Download links and information about Uncommon Denominator by Mike Phillips. This album was released in 2005 and it belongs to Jazz, Crossover Jazz, Smooth Jazz genres. It contains 16 tracks with total duration of 01:03:04 minutes.

Artist: Mike Phillips
Release date: 2005
Genre: Jazz, Crossover Jazz, Smooth Jazz
Tracks: 16
Duration: 01:03:04
1. Once Again Mike Phillips (Interlude) 0:45
2. Uncommon Denominator 3:29
3. Crazy 5:14
4. Heartbeat of the City (feat. Jeff Lorber) 4:14
5. If It Takes All Night 4:43
6. Minnie 4:17
7. G-Money 3:10
8. Don't Panic 3:41
9. We Are One 6:56
10. Fiesta 4:16
11. 86th & Broadway 4:41
12. Uptown On a Saturday Night 4:12
13. Flow 4:01
14. Brent's Bounce 3:32
15. If U Had a Heart 4:53
16. Mike & Michaella (Interlude) [feat. Jeff Lorber] 1:00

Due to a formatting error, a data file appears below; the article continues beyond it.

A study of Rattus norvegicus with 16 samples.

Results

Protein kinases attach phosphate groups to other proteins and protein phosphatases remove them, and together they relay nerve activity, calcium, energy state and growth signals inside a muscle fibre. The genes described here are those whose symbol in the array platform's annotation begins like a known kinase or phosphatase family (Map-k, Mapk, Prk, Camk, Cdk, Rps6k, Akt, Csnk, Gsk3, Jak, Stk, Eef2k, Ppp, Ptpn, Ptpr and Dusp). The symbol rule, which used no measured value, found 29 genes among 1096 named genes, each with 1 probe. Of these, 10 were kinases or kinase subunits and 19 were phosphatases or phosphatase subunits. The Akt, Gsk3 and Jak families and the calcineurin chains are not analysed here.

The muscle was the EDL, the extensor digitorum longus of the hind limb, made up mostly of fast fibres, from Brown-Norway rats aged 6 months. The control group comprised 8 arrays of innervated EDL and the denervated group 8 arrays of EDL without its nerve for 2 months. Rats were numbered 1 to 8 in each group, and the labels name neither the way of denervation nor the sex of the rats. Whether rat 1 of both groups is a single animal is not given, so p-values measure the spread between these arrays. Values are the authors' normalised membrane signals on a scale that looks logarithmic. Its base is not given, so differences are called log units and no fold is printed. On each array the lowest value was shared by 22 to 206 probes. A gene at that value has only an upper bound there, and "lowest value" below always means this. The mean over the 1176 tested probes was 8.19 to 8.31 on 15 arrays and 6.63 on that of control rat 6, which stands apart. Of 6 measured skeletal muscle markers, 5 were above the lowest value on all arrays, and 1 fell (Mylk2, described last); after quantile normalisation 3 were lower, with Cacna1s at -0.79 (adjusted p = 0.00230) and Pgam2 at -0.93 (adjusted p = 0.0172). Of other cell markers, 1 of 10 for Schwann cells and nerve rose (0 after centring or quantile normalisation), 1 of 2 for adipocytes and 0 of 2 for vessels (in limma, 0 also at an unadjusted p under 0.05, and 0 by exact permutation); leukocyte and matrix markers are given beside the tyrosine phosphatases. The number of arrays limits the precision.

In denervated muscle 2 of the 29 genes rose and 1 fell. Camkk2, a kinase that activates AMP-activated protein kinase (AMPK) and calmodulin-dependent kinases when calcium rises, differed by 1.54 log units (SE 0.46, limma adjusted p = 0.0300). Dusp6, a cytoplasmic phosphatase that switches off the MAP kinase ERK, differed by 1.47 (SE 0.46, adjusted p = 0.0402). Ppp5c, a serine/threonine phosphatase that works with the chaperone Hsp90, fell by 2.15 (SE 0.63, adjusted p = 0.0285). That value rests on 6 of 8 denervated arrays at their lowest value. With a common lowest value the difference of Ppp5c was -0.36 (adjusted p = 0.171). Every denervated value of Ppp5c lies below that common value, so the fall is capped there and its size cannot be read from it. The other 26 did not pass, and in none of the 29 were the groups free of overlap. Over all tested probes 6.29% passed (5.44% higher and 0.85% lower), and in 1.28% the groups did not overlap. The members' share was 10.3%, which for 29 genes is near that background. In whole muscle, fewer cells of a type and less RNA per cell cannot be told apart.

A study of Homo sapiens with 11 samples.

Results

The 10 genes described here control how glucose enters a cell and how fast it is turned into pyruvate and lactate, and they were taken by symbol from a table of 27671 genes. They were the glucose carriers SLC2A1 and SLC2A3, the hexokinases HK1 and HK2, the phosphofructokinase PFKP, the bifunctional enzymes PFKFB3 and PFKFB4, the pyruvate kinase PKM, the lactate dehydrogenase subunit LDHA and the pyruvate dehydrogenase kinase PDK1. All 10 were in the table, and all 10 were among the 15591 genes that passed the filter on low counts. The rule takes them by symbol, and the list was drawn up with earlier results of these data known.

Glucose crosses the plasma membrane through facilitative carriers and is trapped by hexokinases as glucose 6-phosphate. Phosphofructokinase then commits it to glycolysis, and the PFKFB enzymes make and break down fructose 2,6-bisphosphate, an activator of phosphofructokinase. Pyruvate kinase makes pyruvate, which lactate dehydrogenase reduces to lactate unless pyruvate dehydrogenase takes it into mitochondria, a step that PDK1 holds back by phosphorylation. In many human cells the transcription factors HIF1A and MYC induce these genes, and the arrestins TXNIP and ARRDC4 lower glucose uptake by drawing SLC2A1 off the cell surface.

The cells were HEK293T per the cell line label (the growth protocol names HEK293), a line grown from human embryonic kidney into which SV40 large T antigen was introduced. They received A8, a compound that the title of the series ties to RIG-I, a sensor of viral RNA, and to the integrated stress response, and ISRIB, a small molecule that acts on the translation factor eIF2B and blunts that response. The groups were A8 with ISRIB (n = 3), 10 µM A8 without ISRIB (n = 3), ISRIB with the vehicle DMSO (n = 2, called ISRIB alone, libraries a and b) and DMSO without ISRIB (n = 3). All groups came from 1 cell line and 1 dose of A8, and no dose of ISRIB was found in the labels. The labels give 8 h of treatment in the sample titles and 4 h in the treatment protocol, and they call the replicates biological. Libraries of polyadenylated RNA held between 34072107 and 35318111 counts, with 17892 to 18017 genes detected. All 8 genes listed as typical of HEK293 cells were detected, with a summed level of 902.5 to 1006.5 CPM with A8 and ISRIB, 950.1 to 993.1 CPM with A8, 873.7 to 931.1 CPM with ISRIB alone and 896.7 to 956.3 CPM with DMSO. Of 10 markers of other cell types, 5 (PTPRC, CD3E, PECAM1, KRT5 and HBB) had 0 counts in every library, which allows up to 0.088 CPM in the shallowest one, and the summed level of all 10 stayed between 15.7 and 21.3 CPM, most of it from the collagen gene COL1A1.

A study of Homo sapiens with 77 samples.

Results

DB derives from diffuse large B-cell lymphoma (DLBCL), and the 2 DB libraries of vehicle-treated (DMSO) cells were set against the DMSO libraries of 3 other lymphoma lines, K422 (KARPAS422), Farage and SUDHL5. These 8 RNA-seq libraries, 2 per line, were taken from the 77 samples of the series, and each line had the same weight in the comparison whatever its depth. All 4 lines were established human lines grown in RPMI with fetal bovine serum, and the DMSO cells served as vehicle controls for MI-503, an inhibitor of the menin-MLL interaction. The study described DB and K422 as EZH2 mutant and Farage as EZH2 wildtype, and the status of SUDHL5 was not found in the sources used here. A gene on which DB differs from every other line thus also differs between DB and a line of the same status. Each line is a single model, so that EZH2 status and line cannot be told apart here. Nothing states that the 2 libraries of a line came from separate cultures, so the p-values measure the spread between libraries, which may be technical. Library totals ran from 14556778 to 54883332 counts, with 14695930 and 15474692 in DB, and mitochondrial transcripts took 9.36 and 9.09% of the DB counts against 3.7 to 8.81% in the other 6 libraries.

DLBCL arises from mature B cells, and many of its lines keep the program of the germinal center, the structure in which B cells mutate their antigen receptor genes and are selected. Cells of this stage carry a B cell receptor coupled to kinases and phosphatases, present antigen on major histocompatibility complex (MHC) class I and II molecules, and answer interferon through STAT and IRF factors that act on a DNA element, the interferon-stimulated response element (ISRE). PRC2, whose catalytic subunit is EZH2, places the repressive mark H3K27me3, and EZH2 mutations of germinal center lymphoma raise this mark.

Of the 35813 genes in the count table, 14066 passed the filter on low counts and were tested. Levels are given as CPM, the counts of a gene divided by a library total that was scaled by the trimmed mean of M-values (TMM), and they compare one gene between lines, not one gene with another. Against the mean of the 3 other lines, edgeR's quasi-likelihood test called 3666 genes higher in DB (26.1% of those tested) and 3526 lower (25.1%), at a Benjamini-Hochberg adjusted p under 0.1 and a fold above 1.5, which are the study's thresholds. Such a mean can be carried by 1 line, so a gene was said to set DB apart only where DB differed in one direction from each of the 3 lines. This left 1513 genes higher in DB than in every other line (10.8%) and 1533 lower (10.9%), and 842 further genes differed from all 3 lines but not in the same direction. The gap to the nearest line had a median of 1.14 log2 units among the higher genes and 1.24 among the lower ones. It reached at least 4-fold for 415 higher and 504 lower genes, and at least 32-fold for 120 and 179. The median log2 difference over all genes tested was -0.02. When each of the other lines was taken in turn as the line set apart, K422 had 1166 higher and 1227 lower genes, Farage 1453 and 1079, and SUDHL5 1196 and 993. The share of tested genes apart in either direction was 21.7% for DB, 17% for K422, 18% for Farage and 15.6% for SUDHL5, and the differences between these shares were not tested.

Mike Phillips' second album is a bit more relaxed than his first, but it doesn't differ in any major way from that contemporary jazz release. Once again, Phillips works with a series of writer/producer types (Travon Potts, "JR" Hutson, Gary Haase, Jerry Barnes, Janek Gwizdala, Ivan Dupée, Rex Rideout) who specialize in creating rhythmic, percussive instrumental tracks on their synthesizers and computers, adding in an electric guitar part here, an organ fill there, and who could just as easily be working for Beyoncé. Phillips then solos on his saxophone over the track. That soloing is often quite inventive; he is not content simply to create and follow a simple, soothing melodic line like some of his competitors, preferring to dig in and wail or burble expressively, though, as ever, he is doing so essentially in a vacuum, since the prerecorded background just goes on endlessly regardless of his playing. Hidden Beach label head Steve McKeever, who produced and arranged a cover of Frankie Beverly's 1983 Maze hit "We Are One" for the disc, likes to write liner notes to each of his releases to muse about some aspect of the music business that interests him. This time, he talks about the ways that performances can be "fixed" in the digital environment after being recorded, and insists that Phillips resists the temptation to make such corrections. So, this is what authenticity has come to mean in jazz in the early 21st century, a saxophonist who refuses to smooth out the wave forms of his solos!